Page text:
Although such laws have come before the Supreme Court five times in the last seven years, this summer would be the final time. In an 8-1 decision, the court determined "three strikes" laws are unconstitutional based on the inability to maintain a fair and indiscriminate execution of such laws.
Posted By The Law Offices of Jacqueline Goodman || 21-Feb-2014
Recent information indicates that a victim of a Santa Ana nightclub beating had friends with Asian gang affiliations. Attorneys representing the two women charged with murderand assault in conjunction with the incident claim that this new information could "change everything in terms of the tenor of the case."
Posted By The Law Offices of Jacqueline Goodman || 16-Feb-2014
Attorney Jacqueline Goodman was interviewed by a reporter from the San Bernardino Sun and asked to comment on last Sunday's fatal DUI crash in Diamond Bar. Six people were killed when 21-year-old Olivia Cullbreath sped onto the 60 freeway traveling east in the westbound lanes.
Posted By The Law Offices of Jacqueline Goodman || 8-Feb-2014
Judge Claims "Affluenza" Defense Did Not Affect Her Decision
Affluenza is a term coined to describe a condition caused by the pursuit of materialism. Many have called this the "Keeping Up with the Joneses" condition. 17-year-old Ethan Couch's very public trial brought affluenza to the public eye after driving drunk and killing four people. Rather than jail time, Couch received 10 years' probation, sparking outrage from the victims' families.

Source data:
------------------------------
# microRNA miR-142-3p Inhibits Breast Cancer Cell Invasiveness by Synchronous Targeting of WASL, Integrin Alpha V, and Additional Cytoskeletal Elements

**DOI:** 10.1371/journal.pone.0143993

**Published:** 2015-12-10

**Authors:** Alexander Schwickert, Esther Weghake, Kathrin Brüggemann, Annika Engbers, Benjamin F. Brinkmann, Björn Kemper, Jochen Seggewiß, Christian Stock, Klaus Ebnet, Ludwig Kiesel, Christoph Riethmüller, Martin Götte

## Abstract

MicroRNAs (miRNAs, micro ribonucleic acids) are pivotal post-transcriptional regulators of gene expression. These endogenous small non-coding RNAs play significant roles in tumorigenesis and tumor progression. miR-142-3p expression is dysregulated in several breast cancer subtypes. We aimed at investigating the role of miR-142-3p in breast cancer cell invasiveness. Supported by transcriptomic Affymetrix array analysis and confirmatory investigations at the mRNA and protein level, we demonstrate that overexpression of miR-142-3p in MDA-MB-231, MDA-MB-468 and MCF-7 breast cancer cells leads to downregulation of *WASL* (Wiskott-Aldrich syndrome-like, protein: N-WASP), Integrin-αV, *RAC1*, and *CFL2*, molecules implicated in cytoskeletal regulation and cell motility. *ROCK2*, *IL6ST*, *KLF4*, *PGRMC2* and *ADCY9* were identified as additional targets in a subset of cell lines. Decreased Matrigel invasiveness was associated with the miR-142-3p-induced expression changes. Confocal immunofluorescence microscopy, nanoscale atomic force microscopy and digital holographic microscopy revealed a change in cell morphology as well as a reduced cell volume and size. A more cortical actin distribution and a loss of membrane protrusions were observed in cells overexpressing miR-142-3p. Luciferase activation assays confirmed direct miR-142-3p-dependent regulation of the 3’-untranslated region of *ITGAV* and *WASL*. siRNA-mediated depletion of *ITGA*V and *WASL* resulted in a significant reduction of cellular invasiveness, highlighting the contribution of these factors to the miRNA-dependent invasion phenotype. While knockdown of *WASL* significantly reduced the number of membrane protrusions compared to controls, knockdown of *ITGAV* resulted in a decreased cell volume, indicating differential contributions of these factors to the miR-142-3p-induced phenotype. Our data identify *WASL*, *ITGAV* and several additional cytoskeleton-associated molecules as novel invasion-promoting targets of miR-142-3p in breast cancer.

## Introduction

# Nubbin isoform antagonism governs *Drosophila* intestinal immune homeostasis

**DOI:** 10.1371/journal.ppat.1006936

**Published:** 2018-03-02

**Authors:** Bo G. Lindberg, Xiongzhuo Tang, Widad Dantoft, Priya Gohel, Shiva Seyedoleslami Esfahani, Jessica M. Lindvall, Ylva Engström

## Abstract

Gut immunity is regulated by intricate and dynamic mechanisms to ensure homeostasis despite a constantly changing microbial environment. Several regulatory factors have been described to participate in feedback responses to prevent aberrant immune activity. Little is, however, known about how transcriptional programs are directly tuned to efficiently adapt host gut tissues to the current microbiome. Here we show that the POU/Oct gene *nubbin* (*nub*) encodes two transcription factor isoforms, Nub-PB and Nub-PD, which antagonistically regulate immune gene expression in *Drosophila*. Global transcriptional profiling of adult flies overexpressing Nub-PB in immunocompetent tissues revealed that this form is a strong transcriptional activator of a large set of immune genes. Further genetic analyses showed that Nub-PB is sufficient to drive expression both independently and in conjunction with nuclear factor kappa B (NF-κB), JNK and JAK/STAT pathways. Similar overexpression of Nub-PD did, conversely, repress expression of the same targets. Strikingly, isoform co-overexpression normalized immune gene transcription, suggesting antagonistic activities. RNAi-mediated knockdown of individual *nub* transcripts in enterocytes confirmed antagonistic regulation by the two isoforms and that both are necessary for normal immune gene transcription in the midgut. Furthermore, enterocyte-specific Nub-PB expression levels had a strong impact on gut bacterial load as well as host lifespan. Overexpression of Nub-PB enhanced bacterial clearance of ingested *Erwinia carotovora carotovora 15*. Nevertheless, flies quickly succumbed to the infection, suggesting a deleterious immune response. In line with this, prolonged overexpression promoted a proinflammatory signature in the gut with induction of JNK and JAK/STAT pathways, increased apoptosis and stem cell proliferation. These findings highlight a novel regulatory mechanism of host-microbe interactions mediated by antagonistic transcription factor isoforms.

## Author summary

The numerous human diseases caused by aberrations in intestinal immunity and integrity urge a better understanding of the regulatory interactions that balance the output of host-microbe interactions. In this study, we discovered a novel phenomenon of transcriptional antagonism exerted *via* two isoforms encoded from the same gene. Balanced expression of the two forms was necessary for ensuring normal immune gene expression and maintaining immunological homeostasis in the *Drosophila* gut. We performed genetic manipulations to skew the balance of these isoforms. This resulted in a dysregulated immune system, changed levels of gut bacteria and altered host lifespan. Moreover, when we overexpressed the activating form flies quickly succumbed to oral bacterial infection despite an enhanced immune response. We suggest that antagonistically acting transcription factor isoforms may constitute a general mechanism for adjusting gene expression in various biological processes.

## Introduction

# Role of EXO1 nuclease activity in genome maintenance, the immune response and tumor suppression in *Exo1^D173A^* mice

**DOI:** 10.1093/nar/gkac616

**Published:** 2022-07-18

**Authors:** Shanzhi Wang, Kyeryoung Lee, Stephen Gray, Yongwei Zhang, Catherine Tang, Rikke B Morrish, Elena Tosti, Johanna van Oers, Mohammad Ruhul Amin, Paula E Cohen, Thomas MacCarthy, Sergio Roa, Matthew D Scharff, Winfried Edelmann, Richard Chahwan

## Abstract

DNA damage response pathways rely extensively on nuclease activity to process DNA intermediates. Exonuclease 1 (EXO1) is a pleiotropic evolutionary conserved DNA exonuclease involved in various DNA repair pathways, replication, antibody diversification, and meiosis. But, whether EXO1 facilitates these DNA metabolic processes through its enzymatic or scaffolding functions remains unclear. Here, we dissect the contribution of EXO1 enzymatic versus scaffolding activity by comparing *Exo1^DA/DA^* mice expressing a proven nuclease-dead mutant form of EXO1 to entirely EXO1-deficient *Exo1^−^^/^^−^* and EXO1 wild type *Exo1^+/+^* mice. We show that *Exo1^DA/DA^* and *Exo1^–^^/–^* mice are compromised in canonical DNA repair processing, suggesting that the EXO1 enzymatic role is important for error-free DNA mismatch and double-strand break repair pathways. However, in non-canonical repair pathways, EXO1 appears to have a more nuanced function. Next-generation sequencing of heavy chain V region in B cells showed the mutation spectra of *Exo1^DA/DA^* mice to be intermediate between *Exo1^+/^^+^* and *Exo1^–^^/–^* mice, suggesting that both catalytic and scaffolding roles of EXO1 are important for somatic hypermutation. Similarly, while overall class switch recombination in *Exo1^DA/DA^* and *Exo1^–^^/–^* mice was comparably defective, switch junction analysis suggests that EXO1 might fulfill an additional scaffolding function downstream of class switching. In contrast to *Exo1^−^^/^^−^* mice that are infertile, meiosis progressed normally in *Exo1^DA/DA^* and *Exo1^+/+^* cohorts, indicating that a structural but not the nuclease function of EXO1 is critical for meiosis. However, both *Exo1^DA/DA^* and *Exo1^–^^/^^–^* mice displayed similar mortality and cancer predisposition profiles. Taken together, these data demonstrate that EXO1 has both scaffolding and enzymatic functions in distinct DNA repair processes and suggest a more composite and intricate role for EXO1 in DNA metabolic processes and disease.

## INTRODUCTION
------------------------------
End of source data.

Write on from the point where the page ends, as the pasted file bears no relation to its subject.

Posted By The Law Offices of Jacqueline Goodman || 3-Feb-2014
How State Prisons Are Staying a Step Ahead of the Feds
Headlines read out "overcrowded prisons" across the nation. Many federal prisons are above maximum capacity. In fact, the U.S. prison population has increased eightfold since the 1980s. As federal incarceration rates continue on an upward trend, state prison populations are beginning to decline. Multiple states even closed prisons last year.
Posted By The Law Offices of Jacqueline Goodman || 25-Jan-2014
The Costly Consequences of Mandatory Minimum Sentencing
Mandatory minimum sentencing has become a controversial topic within recent months, especially after Attorney General Eric Holder's August 2013 announcement that he would seek to cut mandatory minimums for drug offenders. The term "war on drugs" was coined in the 1980s by politicians who promised to get tough on crack cocaine offenders.
Posted By The Law Offices of Jacqueline Goodman || 21-Feb-2013
In 2004, Federal District Court Judge Spencer Letts reversed the verdict for a man who was given a mandatory 25-year prison sentence because of the California "three-strikes" law. The accused, M.B., was convicted of his first felony in 1988, after he got in a car accident then stole money from the other driver. A few years later, he was under the influence of drugs and had a fight with his girlfriend, who called the police. In this case, he pleaded no contest to assault, making that his second strike. The last strike was brought on by M.B.'s purchase of less than a gram of crack cocaine, for which he was convicted of drug possession.